Generally, the holidays are a time for rest and relaxation. Christmas dinner, college football bowl games, perhaps a little alpine skiing are some of my favorite things to do during winter holiday breaks, which I usually spend in my home state of Colorado. This year I decided to undertake a project that aims to develop a new way to measure root respiration. The idea uses foundational gas exchange theory and the amazing Li-Cor photosynthesis technology (Li-6800).
Although the Li-6800 was designed to measure leaf-level photosynthetic CO2 flux, the same basic principles apply when measuring respiration - the metabolic process that consumes oxygen and releases carbon-dioxide as organisms turn food into energy. In fact, when doing a CO2 response curve on a leaf, the instrument measures photorespiration, when the [CO2] is at zero.
Root respiration has been hypothesized as a potential key axis in the hypotheical root economical spectrum. Maximum rate of photosynthesis is a main axis in the leaf economical spectrum. Plants with an acquisitive root strategy (high SRL, high root N, thin diameter, and low stele to cortical ratio), should (by definition) have higher rates of metabolic activity (i.e. respiration) than plants with more conservative roots. Currently, most of the data on root respiration rates are either: 1) derived from measuring soil respiration rates which use of collars that include or exclude roots (typically fine and/or coarse roots) (e.g. using a Li-Cor Li-8100 or similar), or 2) measure respiration rates on excised roots in a closed respiration chamber. The first method makes it hard to relate respiration rates to root morphology (SRL, root N content etc.), and in the second method, it is unknown whether respiration rates are affected by root excision, and if rates of root respiration vary temporally or with environment.
Thus, I wanted to design a way to repeatedly measure rates of fine root respiration on living entire root systems (ERSs - those containing at least 3 root orders of the most distal fine roots), in a similar way to which we can measure ambient rates of photosynthesis over time on a single leaf. The first step was to design a root box, which houses the living ERS. The design (Figure A) would have to encapsulate the root and surrounding soil in a unit that is easily accessed at the top of the soil A horizon (first 10 cm in soil profile; i.e. just under the organic layer, depending on the the depth of lateral surface roots of the tree you want to measure). The second step is to design a custom respiration chamber that attaches to the Li-Cor 6800 that is capable of measuring the respiration of the root box. It is a nested design, where the root box is gently lifted from the soil where it rests, and inserted into the respiration chamber for measurement, then returned. Root box controls will have to be used to measure rates of soil respiration (microbial and fungal). Root system respiration can then be estimated by calculating the difference.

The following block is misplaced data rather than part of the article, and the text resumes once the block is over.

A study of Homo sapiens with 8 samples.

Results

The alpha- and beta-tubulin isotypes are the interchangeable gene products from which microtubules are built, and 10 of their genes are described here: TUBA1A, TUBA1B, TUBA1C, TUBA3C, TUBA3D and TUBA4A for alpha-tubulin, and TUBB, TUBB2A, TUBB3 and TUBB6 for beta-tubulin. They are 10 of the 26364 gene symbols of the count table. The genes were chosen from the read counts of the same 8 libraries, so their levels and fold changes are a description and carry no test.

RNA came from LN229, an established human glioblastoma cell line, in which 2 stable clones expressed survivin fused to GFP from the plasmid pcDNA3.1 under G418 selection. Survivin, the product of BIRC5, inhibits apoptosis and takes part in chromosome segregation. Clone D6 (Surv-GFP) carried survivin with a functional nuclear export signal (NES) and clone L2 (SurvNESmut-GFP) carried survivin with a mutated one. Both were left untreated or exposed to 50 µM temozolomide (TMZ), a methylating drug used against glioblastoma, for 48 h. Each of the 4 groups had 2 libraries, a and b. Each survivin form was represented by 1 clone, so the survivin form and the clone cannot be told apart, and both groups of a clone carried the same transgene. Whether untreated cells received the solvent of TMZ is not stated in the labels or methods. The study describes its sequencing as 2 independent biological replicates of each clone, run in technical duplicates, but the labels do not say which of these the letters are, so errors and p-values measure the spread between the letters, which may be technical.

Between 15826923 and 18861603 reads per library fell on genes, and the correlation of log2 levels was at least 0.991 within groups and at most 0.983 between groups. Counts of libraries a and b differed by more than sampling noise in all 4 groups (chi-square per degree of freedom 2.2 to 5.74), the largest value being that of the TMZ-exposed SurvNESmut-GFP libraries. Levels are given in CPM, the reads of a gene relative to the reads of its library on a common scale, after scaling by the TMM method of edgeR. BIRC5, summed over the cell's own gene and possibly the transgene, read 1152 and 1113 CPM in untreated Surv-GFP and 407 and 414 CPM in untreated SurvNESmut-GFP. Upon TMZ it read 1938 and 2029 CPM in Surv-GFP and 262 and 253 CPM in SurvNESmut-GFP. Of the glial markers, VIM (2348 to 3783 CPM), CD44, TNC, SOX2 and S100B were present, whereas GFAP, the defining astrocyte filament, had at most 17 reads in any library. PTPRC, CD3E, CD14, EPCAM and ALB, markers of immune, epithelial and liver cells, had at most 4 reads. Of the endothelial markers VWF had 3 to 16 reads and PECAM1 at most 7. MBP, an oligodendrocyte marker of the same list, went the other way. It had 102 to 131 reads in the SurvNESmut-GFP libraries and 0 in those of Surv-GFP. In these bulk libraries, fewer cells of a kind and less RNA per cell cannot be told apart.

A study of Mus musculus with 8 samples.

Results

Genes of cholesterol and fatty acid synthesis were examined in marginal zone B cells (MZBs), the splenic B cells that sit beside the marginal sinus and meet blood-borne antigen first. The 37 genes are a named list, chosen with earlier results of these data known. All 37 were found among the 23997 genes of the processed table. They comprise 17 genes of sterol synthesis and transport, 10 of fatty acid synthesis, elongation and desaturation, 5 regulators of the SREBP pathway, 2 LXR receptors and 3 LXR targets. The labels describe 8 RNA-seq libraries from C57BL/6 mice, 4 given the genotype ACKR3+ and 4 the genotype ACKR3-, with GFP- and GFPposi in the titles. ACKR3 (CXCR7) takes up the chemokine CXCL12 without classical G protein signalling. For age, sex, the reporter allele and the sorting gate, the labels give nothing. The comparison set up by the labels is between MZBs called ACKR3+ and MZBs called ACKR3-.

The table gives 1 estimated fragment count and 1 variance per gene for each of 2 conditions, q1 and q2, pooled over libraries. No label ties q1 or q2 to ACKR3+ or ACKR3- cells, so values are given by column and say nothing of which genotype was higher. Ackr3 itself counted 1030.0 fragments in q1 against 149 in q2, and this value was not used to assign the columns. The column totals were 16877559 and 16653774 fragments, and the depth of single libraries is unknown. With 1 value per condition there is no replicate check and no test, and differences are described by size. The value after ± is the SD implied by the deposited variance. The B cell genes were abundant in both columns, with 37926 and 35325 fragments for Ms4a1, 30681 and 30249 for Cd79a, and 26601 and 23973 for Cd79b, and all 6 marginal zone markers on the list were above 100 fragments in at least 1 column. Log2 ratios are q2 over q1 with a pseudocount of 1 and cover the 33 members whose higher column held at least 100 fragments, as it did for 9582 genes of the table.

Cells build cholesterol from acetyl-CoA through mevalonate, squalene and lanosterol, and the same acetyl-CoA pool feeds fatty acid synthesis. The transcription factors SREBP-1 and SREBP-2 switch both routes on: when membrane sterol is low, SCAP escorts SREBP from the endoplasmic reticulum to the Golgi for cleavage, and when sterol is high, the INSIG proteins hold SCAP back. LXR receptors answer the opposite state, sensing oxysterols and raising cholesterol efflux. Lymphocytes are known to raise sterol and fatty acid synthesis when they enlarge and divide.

Figure A: conceptual figure for root box and custom respiration chamber design (for Li-6800).
With the idea conceptualized, I set out to envision construction and buy materials. I settled on making the root boxes out of plastic buckets that could be sliced into about 1" square strips. I used aluminum meshing for the bottom. This should allow water and nutrient flow and fungal/ microbial activity to occur inhibited in the soil. I went with a heavy duty 1/2" acrylic sheeting for the chamber. I bought some clamp latches and a mixing fan, and some acrylic bonding solvent. All items were found pretty easily on Amazon. So, I went into the holiday break with the idea, the materials were purchased and ready, but needed to do the construction during the break, because several large tools were needed (i.e. a table saw and a drill press). My father (architect and handyman) has a workshop with these tools, and helped me with the construction. Thanks Dad!
Overall, I think the construction came out well (pictures below). Whether or not the design will give good data is another thing, entirely. Let's see! Comments welcome, thanks for reading, & happy new year! ♠
Lastly, here are some resources if you are considering constructing a custom chamber for a Li-6800, yourself:
James "Aaron" Hogan is a tropical plant ecologist interested in tropical plant biodiversity and global climate change.